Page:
Dolphin Watch
Ours out of many was as good as any
Cutlass provides a rare glimpse of a stationary dolphin contemplating an object of curiosity. Bottlenose dolphin curiosity and intellect is unparalleled in the animal kingdom.
Growing up on the water in Florida was remarkably different from inland-locked suburbia.

In land-locked suburbia where I grew up, pet dogs and cats were still allowed to run freely so land-locked kids had some exposure to “wildlife.” But pet dogs and cats were nothing like the literal wildlife that Florida kids were exposed to!

For example, one of my Florida-born students played catch with wild dolphins from her boat as a kid. She and her brothers kept a beach ball in their boat for those times when the wild dolphins asked to play catch by jumping out of the water near the boat.

One time, they played catch with dolphins for so long that they were late for dinner. The kids rushed home to one very doubtful mother. The dolphins saved the day by following them and jumping as mom got to the dock, verifying the kids’ fishy story.

Capt. John Heidemann and I study free-ranging dolphins for the government. There have been just three - very precious - times when the dolphins have undeniably followed us to the next stop on our survey route.

However, they have never clearly followed us home … until yesterday! What a Christmas gift!

Wintry overcast skies and choppy gray seas yielded only two sightings. The second sighting was local bulls BB and DD2. They darted into the study area and swam wildly across the bay like some maritime Baskerville hound was on their tail. They surfaced so briefly and unpredictably between long submergences that it took us many minutes to verify that we were actually seeing dorsal fins, that those fins belonged to dolphins and then finally to which dolphins they belonged. The two big bulls were tough and tricky to track in those sloppy seas.

Though their behavior was irksome, it was not about us. Today, it was most likely about food. If so, their animated search either yielded nothing or food on the run. The primary reason to think their erratic behavior was about food was that DD2 lurched up holding a fish at one point. I happened to be glancing at the hovering osprey preparing to dive bomb him and missed the picture.

After 40 exasperating minutes, I had vague data on dolphin behavior and a handful of mostly unusable pictures. Finally the dolphins slowed and once even surfaced slightly closer to us, only to appear in the distance again.

“That is fine,” I said to Capt. Heidemann. “We have today’s data. We do not want to bother them any further.”

The dolphins had kept distance between us, leaving Capt. Heidemann free to accelerate enthusiastically. We covered the mile between us and home briskly and tied off 15 minutes later.

Fifteen minutes after that, Capt. Heidemann was cleaning the boat when the unapproachable pair of bulls surfaced at our dock. BB floated off the engine and locked eyes with John. I got to the seawall in time to see DD2 slowly swim out from under our dock at my feet!

Those tricky-to-track bulls had changed course, covered the mile to our house briskly and directly, and then stayed for several minutes. They raced up and down the seawall, creating swells while sweeping past its treacherous shelf of shells and executing tight U-turns under the dock to power back in the other direction.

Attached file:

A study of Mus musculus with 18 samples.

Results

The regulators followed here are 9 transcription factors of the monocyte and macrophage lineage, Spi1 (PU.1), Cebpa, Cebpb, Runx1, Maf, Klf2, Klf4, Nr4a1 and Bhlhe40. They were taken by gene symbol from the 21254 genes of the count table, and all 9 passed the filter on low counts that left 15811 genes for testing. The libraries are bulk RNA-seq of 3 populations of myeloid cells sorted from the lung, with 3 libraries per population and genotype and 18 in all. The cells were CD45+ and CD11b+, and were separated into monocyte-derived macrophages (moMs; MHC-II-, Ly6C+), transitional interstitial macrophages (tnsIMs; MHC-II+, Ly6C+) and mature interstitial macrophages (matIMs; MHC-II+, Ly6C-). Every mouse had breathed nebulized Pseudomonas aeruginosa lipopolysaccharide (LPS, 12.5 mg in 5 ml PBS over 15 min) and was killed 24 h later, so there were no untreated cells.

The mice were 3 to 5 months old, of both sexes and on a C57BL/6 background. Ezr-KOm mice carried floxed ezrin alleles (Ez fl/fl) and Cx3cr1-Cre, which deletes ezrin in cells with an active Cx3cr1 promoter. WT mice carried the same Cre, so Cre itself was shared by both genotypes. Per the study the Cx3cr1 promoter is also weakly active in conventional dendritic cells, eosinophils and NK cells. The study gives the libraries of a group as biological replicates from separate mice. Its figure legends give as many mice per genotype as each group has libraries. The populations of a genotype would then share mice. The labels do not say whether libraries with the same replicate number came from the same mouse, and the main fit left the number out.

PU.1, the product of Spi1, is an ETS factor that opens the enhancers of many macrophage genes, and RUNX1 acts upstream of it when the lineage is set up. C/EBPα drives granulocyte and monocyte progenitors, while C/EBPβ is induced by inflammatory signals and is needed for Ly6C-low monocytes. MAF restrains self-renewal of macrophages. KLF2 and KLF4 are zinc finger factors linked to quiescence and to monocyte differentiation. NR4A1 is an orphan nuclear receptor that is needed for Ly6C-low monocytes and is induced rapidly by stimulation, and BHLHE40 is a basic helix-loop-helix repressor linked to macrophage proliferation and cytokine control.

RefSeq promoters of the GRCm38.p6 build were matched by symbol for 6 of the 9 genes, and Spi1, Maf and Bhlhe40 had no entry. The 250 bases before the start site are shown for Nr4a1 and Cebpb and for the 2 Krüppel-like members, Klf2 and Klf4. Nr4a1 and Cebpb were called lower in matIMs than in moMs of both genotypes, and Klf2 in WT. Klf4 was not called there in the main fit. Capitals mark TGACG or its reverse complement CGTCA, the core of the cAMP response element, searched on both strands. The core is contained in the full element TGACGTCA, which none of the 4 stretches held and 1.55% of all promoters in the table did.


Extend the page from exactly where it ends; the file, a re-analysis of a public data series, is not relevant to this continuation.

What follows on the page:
It was a magnificent observation. The dolphins do not come into the finger often. When they do, they hunt on the other side where they systematically work the entire length of the finger and then melt away. They do not stay in one spot. You cannot get a sustained look at them. They certainly do not stay in one spot off our seawall where we can get a sustained look at them! What a gift!

And they had followed us!

It was a humbling and most appreciated addition to the list of Christmas presents Dolphin Watch has reported over the years. Many are startling demonstrations of how dolphins use objects. Starting in 2006, Oyster showed us that dolphins wear whelk egg cases. The next year, Bet revealed that some dolphins use grapefruits during the hunt. After that, Babyface poked a cormorant, showing that the behavior was not coincidence. Then Stick demonstrated tool use, using sharp shells growing on an abandoned ship like a saw to cut off catfish spines. In 2010, the Bowery Boys and female Slightwin verified that dolphins wear grass in a context that land-locked suburbanites call dating. Doodle demonstrated that calves surf just like their mothers.

Last year, there were two gifts, PC and his mysterious “maypole” foraging and Slightwin’s remarkable aerobatics show, again in a context that land-locked suburbanites call dating. This year, the gift is clearly seeing dolphins as conscious creatures that make purposeful decisions.

You can argue that this year’s gift of following us home was not a gift but coincidence. They merely took our route out of the many because it was as good as any. If true, following us home was still a gift. It was a rich and powerful reinforcer, thanks to the ladyfish sheltering under our dock upon which the dolphins briefly dined. Positive reinforcements encourage individuals to repeat the behavior that preceded the reinforcement.

May we all remember the relationship between a positive reinforcer and repeated behavior in the coming year to our advantage.

Dr. Weaver studies wild dolphins under federal permit 16299, National Oceanic and Atmospheric Administration. Send her an email at annstats54@gmail.com or visit her website www.goodnaturedstatistics.com. NOAA advises anyone who sees a stranded dolphin in the Gulf of Mexico to call 877-942-5343 or 877-433-8299.